Have the IRA Bombs left an Asbestos Legacy.
24 Jan 2018
Those old enough to remember the 1970’s, 1980’s and 1990’s will probably recall a number of bombs being planted by the IRA throughout the United Kingdom. Warnings were frequently given before a bomb was detonated allowing those in the area a chance to escape and reducing the number of fatalities or injuries which were inflicted, the aim often it appears but not always being to destroy building and services.
Yet years after those bombs went off and those IRA attacks for the majority now a distant memory a silent killer which has lay dormant for all those years has started to rear its ugly head, that silent killer is asbestos and the condition mesothelioma.
Many of the buildings destroyed during the attacks contained asbestos. It was a well-used building product throughout the 20th century. It was used throughout buildings as insulation on pipes, cladding, ceiling tiles, as asbestos insulations boards and as fireproofing amongst other things. Asbestos undisturbed is often argued not to be a health hazard but of course a bomb going off causes a lot of destruction and as a result a lot of asbestos rubble and debris.
This asbestos debris can affect not only those who were there at the time but those who worked in the aftermath both the emergency services attending the scene to provide help and assistance to those injured or to secure the area and those who worked after this on the clean-up effort to remove all the fallen debris and to demolish or repair the buildings and services affected.
One such bomb was the Manchester Arndale Bomb in June 1996. 200 people were injured when the bomb went off but there were no fatalities at the time. However those first on the scene and those involved in the clear up had to wade through dust and debris including asbestos.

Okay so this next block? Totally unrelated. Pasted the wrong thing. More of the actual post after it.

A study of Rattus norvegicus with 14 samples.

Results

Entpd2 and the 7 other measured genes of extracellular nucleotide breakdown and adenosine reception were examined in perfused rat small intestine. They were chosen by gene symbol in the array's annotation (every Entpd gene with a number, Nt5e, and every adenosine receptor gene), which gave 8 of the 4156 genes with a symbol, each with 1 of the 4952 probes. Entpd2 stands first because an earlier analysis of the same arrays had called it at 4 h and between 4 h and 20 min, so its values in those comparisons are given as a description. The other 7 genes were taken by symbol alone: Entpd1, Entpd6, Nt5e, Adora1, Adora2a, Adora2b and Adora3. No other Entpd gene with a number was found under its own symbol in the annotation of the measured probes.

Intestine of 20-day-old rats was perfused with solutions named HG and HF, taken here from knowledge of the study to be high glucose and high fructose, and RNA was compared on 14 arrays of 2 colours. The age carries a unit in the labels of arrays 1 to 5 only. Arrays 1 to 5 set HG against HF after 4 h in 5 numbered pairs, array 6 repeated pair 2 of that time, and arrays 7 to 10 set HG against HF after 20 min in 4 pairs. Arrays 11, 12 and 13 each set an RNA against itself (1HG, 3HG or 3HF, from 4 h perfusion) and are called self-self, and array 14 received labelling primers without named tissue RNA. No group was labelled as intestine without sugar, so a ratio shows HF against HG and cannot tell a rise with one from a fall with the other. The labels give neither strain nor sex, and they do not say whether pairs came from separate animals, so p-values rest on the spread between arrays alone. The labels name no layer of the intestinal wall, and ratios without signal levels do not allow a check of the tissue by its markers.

20 years later, Stuart Packard, a security guard who worked in Arndale Shopping Centre in Manchester and who was involved in the work carried out in the aftermath and died from mesothelioma. The coroner ruled his asbestos related death was as a result of his exposure to asbestos because of building work going on around him following the bomb in 1996. He was just 40 years old when he died.
In October 1984 an IRA bomb was detonated at the Grand Hotel in Brighton. At the time five people were killed and 39 injured. The intended target was the then Prime Minister, Margaret Thatcher and her husband. The hotel contained asbestos which was released into the atmosphere during the explosion. Jonathan Woods, a police officer was one of the first officers at the site of the bomb and was exposed to asbestos sifting through the debris. 31 years later he died from mesothelioma as a result of exposure to asbestos.
Asbestos still remains in many buildings today throughout the UK. Whilst left undisturbed it may not be dangerous but there are times when it is disturbed when accidents occur, fires, natural disasters or intentionally damage is caused meaning people today can still be put at risk of being exposed to asbestos.
Of course thankfully not everybody who is exposed to asbestos will go on to develop an asbestos related condition. Those who worked in the aftermath of the Manchester IRA bomb, the Brighton Grand Hotel bomb and other IRA bombs may though have been put at an increased risk of developing asbestos related conditions from their exposure to asbestos, unfortunately only time will tell.